Fried and True

Monsoon’s crispy imperial rolls are like spring rolls, only deep fried, and thus better.

By Jess Thomson May 11, 2010 Published in the June 2010 issue of Seattle Met

BEER. THAT’S THE SECRET INGREDIENT responsible for the golden skin surrounding Eric Banh ’s imperial rolls. The chef and owner of Monsoon Restaurants ( adds it to the water he uses to soften the rice paper, and the result is crisp perfection. The recipe is surprisingly flexible: You can do most of the work up to 24 hours before serving. If you’ve never worked with spring roll wrappers, practice stuffing them with rice noodles first—you don’t want a drop of the pork, shrimp, and veggie filling to go to waste.

Crispy Imperial Rolls 
with Nuoc Cham Spicy Dipping Sauce

Recipe courtesy Eric Banh, chef and owner, 
Monsoon Restaurants

Makes: About 20 rolls

Total Time: 2½ hours


For filling:

1 cup rice vermicelli (1 small bundle)
1 lb ground pork shoulder
1 cup shredded carrots
½ cup shredded taro root
¼ lb diced white shrimp
¼ cup finely diced yellow onion
2 tsp sugar
1 tsp kosher salt
2 tbsp fish sauce

For wrapping and frying:

1 cup hot water
1 tbsp sugar
½ cup beer
20 to 25 rice paper rounds
Peanut oil

Nuoc Cham Dipping Sauce
1 cup water, room temperature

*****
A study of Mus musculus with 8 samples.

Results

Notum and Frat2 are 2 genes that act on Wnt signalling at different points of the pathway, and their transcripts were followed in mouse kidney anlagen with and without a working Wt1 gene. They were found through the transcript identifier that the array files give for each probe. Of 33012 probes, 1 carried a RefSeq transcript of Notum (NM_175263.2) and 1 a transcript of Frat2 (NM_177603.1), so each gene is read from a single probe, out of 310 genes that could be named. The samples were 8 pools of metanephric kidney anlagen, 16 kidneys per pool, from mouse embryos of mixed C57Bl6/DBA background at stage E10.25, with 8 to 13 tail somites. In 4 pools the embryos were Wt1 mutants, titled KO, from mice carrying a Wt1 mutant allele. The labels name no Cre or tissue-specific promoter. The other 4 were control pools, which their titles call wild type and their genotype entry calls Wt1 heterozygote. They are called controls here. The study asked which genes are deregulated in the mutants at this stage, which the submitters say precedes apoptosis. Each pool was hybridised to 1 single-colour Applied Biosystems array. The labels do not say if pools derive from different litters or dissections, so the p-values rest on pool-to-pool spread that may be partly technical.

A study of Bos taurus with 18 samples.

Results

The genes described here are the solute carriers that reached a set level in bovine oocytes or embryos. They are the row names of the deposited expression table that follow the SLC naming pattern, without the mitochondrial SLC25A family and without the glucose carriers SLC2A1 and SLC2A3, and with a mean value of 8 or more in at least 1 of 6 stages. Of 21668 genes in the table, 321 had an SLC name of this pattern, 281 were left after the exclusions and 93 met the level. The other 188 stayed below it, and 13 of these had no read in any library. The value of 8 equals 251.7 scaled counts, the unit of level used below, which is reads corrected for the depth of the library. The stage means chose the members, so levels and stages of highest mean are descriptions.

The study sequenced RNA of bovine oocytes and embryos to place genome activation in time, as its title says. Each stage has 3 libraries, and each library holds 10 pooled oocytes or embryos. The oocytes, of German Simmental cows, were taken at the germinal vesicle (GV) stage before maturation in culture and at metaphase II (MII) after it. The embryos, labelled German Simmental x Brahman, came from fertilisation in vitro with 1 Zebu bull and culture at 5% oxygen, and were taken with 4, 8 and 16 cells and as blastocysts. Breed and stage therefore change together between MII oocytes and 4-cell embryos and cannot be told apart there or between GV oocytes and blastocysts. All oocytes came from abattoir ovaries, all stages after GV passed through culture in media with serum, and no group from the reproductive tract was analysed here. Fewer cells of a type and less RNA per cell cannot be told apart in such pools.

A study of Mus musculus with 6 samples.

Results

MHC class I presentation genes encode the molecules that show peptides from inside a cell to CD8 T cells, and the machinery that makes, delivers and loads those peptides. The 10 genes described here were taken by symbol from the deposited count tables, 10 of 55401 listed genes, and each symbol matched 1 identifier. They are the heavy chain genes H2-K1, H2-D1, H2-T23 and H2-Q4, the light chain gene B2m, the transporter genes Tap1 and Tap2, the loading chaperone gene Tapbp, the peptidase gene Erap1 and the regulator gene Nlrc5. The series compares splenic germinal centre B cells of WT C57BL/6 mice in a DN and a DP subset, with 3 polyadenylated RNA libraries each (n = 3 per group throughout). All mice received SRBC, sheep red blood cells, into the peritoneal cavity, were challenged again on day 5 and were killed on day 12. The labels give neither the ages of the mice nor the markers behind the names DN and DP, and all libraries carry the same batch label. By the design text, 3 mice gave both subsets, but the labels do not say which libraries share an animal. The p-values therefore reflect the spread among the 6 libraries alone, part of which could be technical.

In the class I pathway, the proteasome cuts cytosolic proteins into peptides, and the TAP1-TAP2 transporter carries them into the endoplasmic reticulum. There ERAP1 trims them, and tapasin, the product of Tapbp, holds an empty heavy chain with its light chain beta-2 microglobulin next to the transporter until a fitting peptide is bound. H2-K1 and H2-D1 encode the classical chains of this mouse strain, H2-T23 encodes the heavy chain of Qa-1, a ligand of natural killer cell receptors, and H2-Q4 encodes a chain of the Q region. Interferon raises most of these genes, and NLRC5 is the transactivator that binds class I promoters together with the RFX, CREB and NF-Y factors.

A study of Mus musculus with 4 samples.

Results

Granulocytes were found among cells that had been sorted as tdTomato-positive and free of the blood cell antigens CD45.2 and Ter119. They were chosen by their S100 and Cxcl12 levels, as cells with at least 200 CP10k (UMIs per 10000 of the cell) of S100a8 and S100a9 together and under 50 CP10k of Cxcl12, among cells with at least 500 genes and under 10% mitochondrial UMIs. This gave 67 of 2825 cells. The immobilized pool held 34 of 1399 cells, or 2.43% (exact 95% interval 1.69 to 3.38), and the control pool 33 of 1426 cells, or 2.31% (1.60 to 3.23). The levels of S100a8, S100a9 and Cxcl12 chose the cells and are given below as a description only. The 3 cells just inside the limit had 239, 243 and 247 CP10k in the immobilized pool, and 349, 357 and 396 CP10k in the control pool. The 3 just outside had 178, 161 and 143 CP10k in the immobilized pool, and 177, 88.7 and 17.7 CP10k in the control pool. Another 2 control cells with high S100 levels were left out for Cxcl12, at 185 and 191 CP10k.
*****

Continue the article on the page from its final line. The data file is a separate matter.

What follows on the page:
½ cup sugar
½ cup white vinegar
½ cup fish sauce
Juice of 1 lime
5 cloves finely chopped garlic
3 diced Thai chilies (for a spicier sauce,
use seeds; otherwise discard)


To make the filling, soak the vermicelli in cold water for 15 minutes, then cut into roughly 1-inch pieces and dump into a medium bowl. Add the rest of the filling ingredients and mix with your hands.

Fill a large, deep plate with the hot water, add sugar, and stir until dissolved. Add beer and stir. Place a damp dishtowel on a clean surface. Slide a round of rice paper into the water, moisten both sides well, and let it sit 5 seconds. Transfer to the towel and let sit another minute to soften. Center 2 heaping tablespoonfuls of filling on the lower third of the softened rice paper. Use your fingers to shape the filling into a solid 4-inch log that is roughly 1-inch in diameter.

Lift the bottom edge of the rice paper over the filling, making sure it is smooth. To reinforce the ends, which brown quickly, fold each side of the rice paper in on itself and then fold again over the filling. Roll from the bottom up to finish (the rice paper is self-sealing) and place seam-side-down on a platter. Dip a new rice paper round and repeat. Continue working until all the filling is used (you may have to make more dipping water), wiping your hands on a damp towel when necessary. Keep the rolls from touching so they don’t stick together.

To a deep pan, add enough oil to cover the rolls and heat to 265 degrees. Submerge the rolls one at a time and without overcrowding in the oil—they should bubble a bit. Fry for 5 to 7 minutes, until firm but not browned. Transfer to a platter and refrigerate until cool (or overnight). Increase oil temperature to 350, and fry another 5 minutes or so, until lightly golden and crisp. The rolls are ready when tiny bubbles appear on the wrapping. Drain on a paper towel–lined plate and let cool for 5 minutes.

Whisk nuoc cham dipping sauce ingredients together in a small mixing bowl and serve alongside imperial rolls.